In My Culture

There are very few people I can talk to about my dreams. Very few who won’t think I’m nuts, careless, arrogant, or a combination of the three, or who won’t respond with a veiled or not so veiled version of what happens when Icarus flies too close to the sun.

In my culture, people give lip service to faith and courage, yet raise their children to be afraid of God (versus being awed by Him), afraid of man, afraid of risk, afraid of the possible failure that risk brings, and afraid of the sure shame failure brings. In my culture, the wise man doesn’t rock the boat (even if that boat is sinking and people are asleep), doesn’t question the community (even if these communities require complete accountability from him), doesn’t consider doubt because doubt is automatically unbelief. But without shaking things up, everything settles into a nice peaceful bottom like silt. Peaceful, yet at the bottom. Without questions there can be no understanding, and what kind of a community preaches that we must be accountable to it, pay its taxes, and obey its laws, yet never question it? What kind of government promotes transparency without it being transparent?

In my culture, we don’t really want wisdom. We want security. We don’t really want progress. We want comfort. We don’t really want learning. We want dogma. We want superstitions that tell us that if we do this, we get that, no matter how life disproves this simplistic cause and effect.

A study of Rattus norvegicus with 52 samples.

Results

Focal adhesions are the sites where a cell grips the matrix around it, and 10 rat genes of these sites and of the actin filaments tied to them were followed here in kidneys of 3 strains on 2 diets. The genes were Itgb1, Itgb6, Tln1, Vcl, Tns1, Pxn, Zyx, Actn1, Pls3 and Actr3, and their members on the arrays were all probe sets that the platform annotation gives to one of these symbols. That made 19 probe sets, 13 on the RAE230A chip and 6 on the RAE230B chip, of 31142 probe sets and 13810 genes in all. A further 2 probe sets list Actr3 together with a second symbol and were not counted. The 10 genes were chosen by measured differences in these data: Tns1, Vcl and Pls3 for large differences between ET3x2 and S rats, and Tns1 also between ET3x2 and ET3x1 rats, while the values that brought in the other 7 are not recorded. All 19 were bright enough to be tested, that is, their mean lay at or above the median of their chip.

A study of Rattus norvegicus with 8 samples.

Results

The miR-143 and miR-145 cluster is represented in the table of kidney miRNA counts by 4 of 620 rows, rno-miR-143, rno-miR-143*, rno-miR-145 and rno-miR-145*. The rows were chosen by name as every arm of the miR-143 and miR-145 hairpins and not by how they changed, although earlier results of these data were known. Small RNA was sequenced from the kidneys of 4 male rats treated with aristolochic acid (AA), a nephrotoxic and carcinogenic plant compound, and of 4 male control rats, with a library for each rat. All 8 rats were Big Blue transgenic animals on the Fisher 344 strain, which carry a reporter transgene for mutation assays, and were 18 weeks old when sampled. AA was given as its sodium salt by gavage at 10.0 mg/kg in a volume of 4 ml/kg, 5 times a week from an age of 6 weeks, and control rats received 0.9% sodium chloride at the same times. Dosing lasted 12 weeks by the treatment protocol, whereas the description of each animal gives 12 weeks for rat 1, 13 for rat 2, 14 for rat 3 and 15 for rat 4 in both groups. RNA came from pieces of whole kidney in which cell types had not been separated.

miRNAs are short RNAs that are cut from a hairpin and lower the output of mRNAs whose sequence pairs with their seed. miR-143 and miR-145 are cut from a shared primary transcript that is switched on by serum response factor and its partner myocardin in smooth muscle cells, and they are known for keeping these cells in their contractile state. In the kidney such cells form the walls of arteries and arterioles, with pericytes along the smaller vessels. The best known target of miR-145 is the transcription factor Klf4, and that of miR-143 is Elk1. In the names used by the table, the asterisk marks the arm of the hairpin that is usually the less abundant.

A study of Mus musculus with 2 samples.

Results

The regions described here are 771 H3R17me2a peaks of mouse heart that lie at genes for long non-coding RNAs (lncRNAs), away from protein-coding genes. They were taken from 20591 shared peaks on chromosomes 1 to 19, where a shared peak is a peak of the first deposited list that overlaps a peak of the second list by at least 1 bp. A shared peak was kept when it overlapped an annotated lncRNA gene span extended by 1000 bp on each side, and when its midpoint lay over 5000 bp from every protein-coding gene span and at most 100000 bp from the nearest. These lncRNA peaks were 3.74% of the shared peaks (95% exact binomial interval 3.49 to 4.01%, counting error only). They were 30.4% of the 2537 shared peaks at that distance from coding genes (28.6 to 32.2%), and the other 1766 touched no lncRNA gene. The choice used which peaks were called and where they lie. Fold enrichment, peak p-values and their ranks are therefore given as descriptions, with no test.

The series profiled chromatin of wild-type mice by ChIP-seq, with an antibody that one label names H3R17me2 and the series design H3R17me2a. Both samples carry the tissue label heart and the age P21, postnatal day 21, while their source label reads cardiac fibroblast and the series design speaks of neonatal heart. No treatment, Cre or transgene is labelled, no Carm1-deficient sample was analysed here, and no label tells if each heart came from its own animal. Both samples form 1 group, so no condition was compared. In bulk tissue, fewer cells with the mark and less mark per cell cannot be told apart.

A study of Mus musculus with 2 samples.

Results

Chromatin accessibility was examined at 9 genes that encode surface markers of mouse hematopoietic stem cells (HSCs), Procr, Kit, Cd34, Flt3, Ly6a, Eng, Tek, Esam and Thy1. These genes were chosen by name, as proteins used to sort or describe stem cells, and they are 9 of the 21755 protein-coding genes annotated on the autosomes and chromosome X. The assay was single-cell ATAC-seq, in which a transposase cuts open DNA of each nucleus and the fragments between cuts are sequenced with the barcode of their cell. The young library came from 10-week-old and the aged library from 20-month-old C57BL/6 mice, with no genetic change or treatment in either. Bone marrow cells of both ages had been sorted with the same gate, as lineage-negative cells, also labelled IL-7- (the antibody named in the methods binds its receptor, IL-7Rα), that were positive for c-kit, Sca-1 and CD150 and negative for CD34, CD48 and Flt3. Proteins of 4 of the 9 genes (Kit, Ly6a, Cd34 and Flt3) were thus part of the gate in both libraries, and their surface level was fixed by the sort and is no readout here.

Because in my culture, what we want to achieve most is our version of a lifestyle sweet spot, a standard of living that is religiously, traditionally, socially, and economically comfortable.

And anyone who decides differently, anyone who questions, anyone who blazes his own trail, anyone who says “This sucks. I’m going to change things.” Is nuts, careless, arrogant, or a combination of the three.

David Bonifacio

David Bonifacio Husband, Father, CEO of Bridge. #DB


*Amazing* post David. I don’t think these thoughts are limited to the Philippines – this is true of many cultures (including here). By ‘following the rules’ and ‘colouring within the lines’ we excuse ourselves of responsibility if things don’t work out… and we have a yardstick by which to judge others. But by doing this we’re eating of the tree of the knowledge of good and evil – and depriving the world of what could happen if we ate of the Tree of Life! Well done on being able to articulate this so succinctly 🙂

Chelo Gemina - October 13, 2015 Reply

Oh, David! I pray you become famous only so that more people can read what you write! Bring the articles on. Bravo.